As part of our introductory guide to internet governance, Andreas Karsten introduces key organisations and bodies working on the internet, communications and governance, including their overarching aims and where you can find more information. Organisations covered include the United Nations, Council of Europe, UNESCO, and civil society. In this article, Andreas introduces the work of the United Nations on internet governance.

The United Nations and Internet Governance

The United Nations and Internet Governance

The work of the United Nations on internet governance spans across several agencies and bodies within the UN work, most notably the International Telecommunication Union (ITU), the United Nations Group on the Information Society (UNGIS), the United Nations Development Programme (UNDP), the United Nations Department of Economic and Social Affairs (DESA), the United Nations Conference on Trade amd Development (UNCTAD) and UNESCO.

Much of the United Nations’ engagement relates back to the World Summit on the Information Society (WSIS), the Geneva (2003) and Tunis (2005) conferences aiming to bridge the digital divide and take concrete steps to establish foundations for an information society for all. In Geneva, a common vision of the information society was agreed upon and underpinned with a plan of action, setting out to bring 50 percent of the world’s population online by 2015. This was followed up with the Tunis Commitment and an agenda for the information society in 2005. The World Summit established May 17 as World Information Society Day.

The 11 WSIS Action Lines

The 11 WSIS Action Lines

The main follow-up process to the World Summit is the WSIS Stocktaking Process, which provides a register of activities carried out by governments, international organisations, the business sector, civil society and other stakeholders with reference to the eleven action lines defined by the World Summit’s Plan of Action. In 2010, the World ICT Development Report (pdf) by ITU focused on monitoring the targets set by the summit. Regular WSIS Fora and a WSIS Community further contribute to connecting, recording and coordinating stakeholder initiatives to implement the action plan.

The World Summit on the Information Society also called—following a recommendation of the Working Group on Internet Governance—for the establishment of the Internet Governance Forum, which convened for the first time in 2006 as a multi-stakeholder forum for policy dialogue on internet governance. The IGF intends to bring together all stakeholders in the internet governance discourse on an equal basis, from governments and the private sector to civil society and the academic community. The IGF was mandated to be principally a discussion forum for facilitating dialogue, and also to identify emerging issues and make recommendations on them, but without any direct decision-making authority.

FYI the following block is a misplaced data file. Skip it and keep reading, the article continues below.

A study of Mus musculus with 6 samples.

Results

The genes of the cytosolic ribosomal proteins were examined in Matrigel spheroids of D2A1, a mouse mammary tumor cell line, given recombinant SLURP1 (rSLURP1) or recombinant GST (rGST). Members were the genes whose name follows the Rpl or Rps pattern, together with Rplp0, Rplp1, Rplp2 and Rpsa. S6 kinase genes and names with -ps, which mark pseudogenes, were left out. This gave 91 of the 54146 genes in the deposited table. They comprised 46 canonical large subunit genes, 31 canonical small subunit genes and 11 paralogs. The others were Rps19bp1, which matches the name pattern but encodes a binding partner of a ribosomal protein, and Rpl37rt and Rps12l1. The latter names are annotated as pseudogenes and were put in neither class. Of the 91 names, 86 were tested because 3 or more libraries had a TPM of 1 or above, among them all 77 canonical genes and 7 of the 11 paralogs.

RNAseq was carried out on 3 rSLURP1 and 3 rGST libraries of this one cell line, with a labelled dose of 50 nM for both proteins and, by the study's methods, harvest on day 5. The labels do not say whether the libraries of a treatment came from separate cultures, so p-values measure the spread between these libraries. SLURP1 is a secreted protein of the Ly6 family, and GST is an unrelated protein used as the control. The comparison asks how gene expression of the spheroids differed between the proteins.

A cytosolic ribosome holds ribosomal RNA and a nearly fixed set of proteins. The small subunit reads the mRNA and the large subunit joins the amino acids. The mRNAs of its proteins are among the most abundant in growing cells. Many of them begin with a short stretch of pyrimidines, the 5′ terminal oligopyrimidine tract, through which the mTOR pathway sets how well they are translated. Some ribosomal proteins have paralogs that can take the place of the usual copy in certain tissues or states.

The Internet Governance Forum has met in

2006 in AthensReport (pdf) | 2007 in Rio de JaneiroReport (pdf) | 2008 in HyderabadReport (pdf) | 2009 in Sharm El SheikhReport (pdf) | 2010 in VilniusReport (pdf) | 2011 in Nairobi – Report (pdf)2012 in BakuReport (pdf)

The next IGF will take place in October, 2013 in Bali, Indonesia. The Forum’s mandate was extended by the United Nations’ General Assembly (resolution, pdf) for another five years from 2011 to 2015.

State surveillance and freedom of expression

In June 2013, the United Nations Special Rapporteur on Freedom of Expression and Opinion, Frank La Rue, delivered a report on state surveillance and freedom of expression. The report states:

“Communications data are storable, accessible and searchable, and their disclosure to and use by State authorities are largely unregulated.  Analysis of this data can be both highly revelatory and invasive, particularly when data is combined and aggregated. As such, States are increasingly drawing on communications data to support law enforcement or national security investigations. States are also compelling the preservation and retention of communication data to enable them to conduct historical surveillance.” p. 5

La Rue reminds states that they have to meet their human rights obligations, which includes also the obligation to embed the rights to free expression and privacy in their surveillance frameworks. The Special Rapporteur asks in the report to revise national laws regulating surveillance practices in line with human rights standards:

“Legislation must stipulate that State surveillance of communications must only occur under the most exceptional circumstances and exclusively under the supervision of an independent judicial authority.” p. 21


Further publications of the United Nations on digital governance include:

The United Nation’s work on internet governance is coordinated by the United Nations Group on the Information Society (UNGIS) together with the International Telecommunication Union (ITU).


Featured image credit: N3rdabl3

Written by Andreas Karsten

Andreas works as a researcher and journalist in and beyond the youth sector on rights-based public policies, youth-sensitive budgeting, human rights, equality, empowerment, participation, citizenship, sustainability, learning, change and common sense.